Parting Thoughts: PNC Bank’s Bruce Colbourn
“Time is going to be my friend”
It’s rare these days when an executive stays at the same company for more than 40 years, much of that in the same building. But that’s exactly what Bruce Colbourn did, ending his morning commute at 222 Delaware Ave. at the home first of Bank of Delaware and then PNC for the past 33 years.
But all good things must come to an end, and Colbourn, who had served as PNC’s market president for the past three years, decided back in April that it was time to enter the next chapter of his life. His 99-year-old father’s health was failing and his youngest son was experiencing academic challenges that required more of his dad’s attention.
“He and his mother live in Scottsdale, Arizona, and I wanted the flexibility to jump on a plane to support him,” Colbourn, 64, said. “So, I decided it was time to unplug from the bank, which was tough to do since I’ve been on the same street corner for so many years.”
“Bruce is a gentleman of the first order who has offered to continue to provide counsel to me, even after retiring in October,” said Jim Hutchinson, who has taken over as the market president. “He is an experienced, native Delawarean and I’m going to have to work hard to build the sort of relationships that he has.”
Asked how his leadership style will compare to Colbourn’s, Hutchinson said, “I think we’re both easy to get along with, both even-tempered and we spend a lot of time talking to people about their challenges and how we can help.”
In short, Hutchinson knows he has big shoes to fill.
Colbourn sat down with DBT Editor Peter Osborne to reflect on his career.
At what point in your life did you realize you had the power of change or the power to do something meaningful?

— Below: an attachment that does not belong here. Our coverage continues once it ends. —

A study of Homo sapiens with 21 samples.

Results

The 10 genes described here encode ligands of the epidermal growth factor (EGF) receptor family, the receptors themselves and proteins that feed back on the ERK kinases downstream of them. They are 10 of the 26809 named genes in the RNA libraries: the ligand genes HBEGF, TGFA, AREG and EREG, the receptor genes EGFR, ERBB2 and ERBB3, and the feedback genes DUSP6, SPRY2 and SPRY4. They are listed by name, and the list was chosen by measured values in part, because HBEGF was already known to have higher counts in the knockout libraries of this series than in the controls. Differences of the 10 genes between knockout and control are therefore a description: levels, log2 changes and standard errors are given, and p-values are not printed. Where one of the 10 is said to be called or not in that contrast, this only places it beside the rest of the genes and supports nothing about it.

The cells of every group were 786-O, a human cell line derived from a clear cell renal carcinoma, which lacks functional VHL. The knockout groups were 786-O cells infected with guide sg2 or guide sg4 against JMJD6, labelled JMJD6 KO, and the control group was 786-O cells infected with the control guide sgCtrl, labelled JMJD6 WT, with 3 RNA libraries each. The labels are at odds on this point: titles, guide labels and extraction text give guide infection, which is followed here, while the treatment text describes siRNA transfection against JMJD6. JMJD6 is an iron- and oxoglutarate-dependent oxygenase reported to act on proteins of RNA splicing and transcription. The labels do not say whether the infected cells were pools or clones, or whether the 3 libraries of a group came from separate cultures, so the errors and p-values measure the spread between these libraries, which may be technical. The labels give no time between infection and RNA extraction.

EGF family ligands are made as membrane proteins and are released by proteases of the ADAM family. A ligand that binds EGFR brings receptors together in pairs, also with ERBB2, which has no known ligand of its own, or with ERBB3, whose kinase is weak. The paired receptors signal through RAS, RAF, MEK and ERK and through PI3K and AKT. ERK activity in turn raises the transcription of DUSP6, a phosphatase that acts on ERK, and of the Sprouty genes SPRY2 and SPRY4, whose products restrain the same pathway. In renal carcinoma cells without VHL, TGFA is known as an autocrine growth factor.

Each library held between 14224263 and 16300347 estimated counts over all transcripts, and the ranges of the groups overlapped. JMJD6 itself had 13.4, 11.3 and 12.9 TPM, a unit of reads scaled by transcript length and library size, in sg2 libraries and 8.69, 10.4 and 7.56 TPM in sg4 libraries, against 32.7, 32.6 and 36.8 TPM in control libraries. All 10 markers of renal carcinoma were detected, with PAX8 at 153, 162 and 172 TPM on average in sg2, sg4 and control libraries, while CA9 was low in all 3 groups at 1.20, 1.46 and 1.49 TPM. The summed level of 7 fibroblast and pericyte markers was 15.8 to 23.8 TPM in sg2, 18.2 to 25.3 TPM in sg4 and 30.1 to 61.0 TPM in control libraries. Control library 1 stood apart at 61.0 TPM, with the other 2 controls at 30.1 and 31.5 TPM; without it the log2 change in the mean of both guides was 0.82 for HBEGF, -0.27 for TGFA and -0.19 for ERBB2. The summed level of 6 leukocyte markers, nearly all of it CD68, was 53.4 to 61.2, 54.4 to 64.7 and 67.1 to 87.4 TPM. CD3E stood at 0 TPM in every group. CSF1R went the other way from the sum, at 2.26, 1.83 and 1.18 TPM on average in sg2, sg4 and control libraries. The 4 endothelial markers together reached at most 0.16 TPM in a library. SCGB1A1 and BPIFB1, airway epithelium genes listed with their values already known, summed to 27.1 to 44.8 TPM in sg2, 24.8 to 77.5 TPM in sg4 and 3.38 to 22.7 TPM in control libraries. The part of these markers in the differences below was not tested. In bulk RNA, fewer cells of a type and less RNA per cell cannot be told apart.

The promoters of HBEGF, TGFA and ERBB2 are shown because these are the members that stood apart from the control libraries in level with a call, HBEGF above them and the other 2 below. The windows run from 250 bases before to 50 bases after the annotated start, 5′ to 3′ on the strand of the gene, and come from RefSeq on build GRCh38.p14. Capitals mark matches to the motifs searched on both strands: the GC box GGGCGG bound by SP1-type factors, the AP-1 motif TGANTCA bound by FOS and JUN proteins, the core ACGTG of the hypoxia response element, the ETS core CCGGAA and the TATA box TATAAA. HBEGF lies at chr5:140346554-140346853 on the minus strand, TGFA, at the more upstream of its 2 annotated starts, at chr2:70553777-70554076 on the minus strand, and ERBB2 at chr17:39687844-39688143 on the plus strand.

Frankly, it was when my first child was born. I realized that, to a degree, I was going to be a rudder in his life always focused on steering him in the right direction. From a work perspective, it was when I had my first graduate of the robust PNC management training program reporting to me. There were quite a few similarities as I felt I had the power to do something meaningful for these individuals as I was steering them along their career path.
How do you want to be remembered?
Honest, fair, one of the team, always left what little ego I have at the door.
What were your strengths as a leader/entrepreneur?
Your weaknesses? Relationship builder, influencer, ability to get things done. Weakness ““ I should have delegated more.
What’s more important in leadership:
Make their strengths stronger or eliminate their weaknesses? I think it is a combination of both. Reinforce and applaud their strengths and constructively discuss weaknesses with suggestions to improve.
What’s the greatest compliment you ever received?
From a direct report, “In my lengthy career, you have been the best manager I ever had.”
What’s the best piece of advice you ever received?
As a leader/manager, it is always important to impart compassion, stability, hope, and understanding. I think I learned that trait from my dad, who passed away in July.
When you hear the word “successful,” who (or what) do you think of?
I think of the many entrepreneurs I had the pleasure of working with over the years. These individuals took an idea and through tireless hard work turned those ideas into thriving businesses.
What’s your favorite quote?
From a mentor of mine: “Get the facts before the facts get you.”
What’s the question you wish more people would ask themselves?
What career will provide me with satisfaction and happiness?
What was the key to your success?
Hard work, humility, and as mentioned earlier, the desire to build relationships and consensus.
When you feel overwhelmed, get distracted, or lose your focus, what do you do?
Stop what I am doing. Dissect the problem into components so you are looking at multiple smaller issues as opposed to a much larger issue to address. By addressing each component and then reassembling the tasks, I typically achieved my desired results, which eliminates the feeling of being overwhelmed.
What’s next for you?
For the short term, some travel, some de-cluttering around my house that has been on hold for years, frequent visits to the YMCA and doing what I can to help my sons. Longer term “¦ I’m open to what the future may bring! I do expect to remain active on the boards at the Grand Opera House and the YMCA and spend more time volunteering. It’s been two months today that I’ve been retired. Each day, I give some thought to what my next chapter will be. Time is going to be my friend.